18 March, 2012

The Abuse of The Word "Organic"

Photo Credit Ralph Baleno/Istock/Photo Illustration

The United States Department of Agriculture (USDA) is seen as the most reassuring seal of approval that whatever you are buying is organic. However, the meaning of the word organic in the food industry has been abused and morphed into having a different meaning. The USDA Organic Seal is given to foods that conatin at least 95% organic ingredients. Here is a time line showing how the meaning of "organic" has changed over the years.

1972:  Robert Rodale, editor of Organic Gardening & Farming magazine.
"Food grown without pesticides; grown without artificial fertilizers; grown in soil whose humus content is increased by the additions of organic matter, grown in soil whose mineral content is increased by the application of natural mineral fertilizers; has not been treated with preservatives, hormones, antibiotics, etc."
1980: USDA scientists.
"The organic movement represents a spectrum of practices, attitudes, and philosophies. On the one hand are those organic practitioners who would not use chemical fertilizers or pesticides under any circumstances. These producers hold rigidly to their purist philosophy. At the other end of the spectrum, organic farmers espouse a more flexible approach. While striving to avoid the use of chemical fertilizers and pesticides, these practitioners do not rule them out entirely. Instead, when absolutely necessary, some fertilizers and also herbicides are very selectively and sparingly used as a second line of defense. Nevertheless, these farmers, too, consider themselves to be organic farmers."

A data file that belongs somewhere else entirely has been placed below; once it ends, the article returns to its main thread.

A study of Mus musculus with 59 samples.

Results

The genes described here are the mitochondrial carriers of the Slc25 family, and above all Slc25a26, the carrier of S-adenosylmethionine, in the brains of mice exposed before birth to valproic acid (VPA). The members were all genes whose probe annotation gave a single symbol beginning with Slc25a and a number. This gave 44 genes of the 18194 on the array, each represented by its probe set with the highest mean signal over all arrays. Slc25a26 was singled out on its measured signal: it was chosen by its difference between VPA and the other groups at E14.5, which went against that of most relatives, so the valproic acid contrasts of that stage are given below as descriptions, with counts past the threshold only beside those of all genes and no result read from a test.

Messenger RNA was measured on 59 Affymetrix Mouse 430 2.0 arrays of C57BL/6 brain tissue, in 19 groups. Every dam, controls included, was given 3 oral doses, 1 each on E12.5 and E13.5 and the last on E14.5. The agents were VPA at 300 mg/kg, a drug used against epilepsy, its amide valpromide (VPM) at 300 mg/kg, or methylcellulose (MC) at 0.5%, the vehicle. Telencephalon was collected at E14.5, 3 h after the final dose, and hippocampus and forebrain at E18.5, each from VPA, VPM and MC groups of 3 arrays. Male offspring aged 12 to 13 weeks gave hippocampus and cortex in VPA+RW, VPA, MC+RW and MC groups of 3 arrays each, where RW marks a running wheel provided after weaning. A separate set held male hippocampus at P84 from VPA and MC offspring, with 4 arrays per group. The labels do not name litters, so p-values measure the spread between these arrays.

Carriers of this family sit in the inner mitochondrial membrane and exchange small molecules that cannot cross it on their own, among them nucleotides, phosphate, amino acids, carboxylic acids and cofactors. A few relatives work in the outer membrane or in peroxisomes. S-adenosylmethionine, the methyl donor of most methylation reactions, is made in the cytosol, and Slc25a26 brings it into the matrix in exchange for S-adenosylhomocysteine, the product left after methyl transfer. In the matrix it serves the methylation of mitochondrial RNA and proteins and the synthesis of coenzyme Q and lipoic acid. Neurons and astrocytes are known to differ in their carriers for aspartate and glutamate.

1997 Agriculture Secretary Dan Glickman.
"What is organic? Generally, it is agriculture produced through a natural as opposed to synthetic process. The natural portion of the definition is fairly obvious, but process is an equally critical distinction. When we certify organic, we are certifying not just a product but the farming and handling practices that yield it. When you buy a certified organic tomato, for instance, you are buying the product of an organic farm. And, consumers are willing to fork over a little more for that tomato. They've shown that they will pay a premium for organic food. National standards are our way of ensuring that consumers get what they pay for."
"No distinctions should be made between organically and non-organically produced products in terms of quality, appearance, or safety."
So the USDA is not saying that the products they put a seal on are actually safe, healthier, or extremely different than any other products. It doesn't mean better quality either. The price is only higher for USDA Sealed foods because it contains the word organic and people automatically assume that it has a better quality than regular food. So next time you see the USDA Seal on any food product, think twice about what that seal is really worth!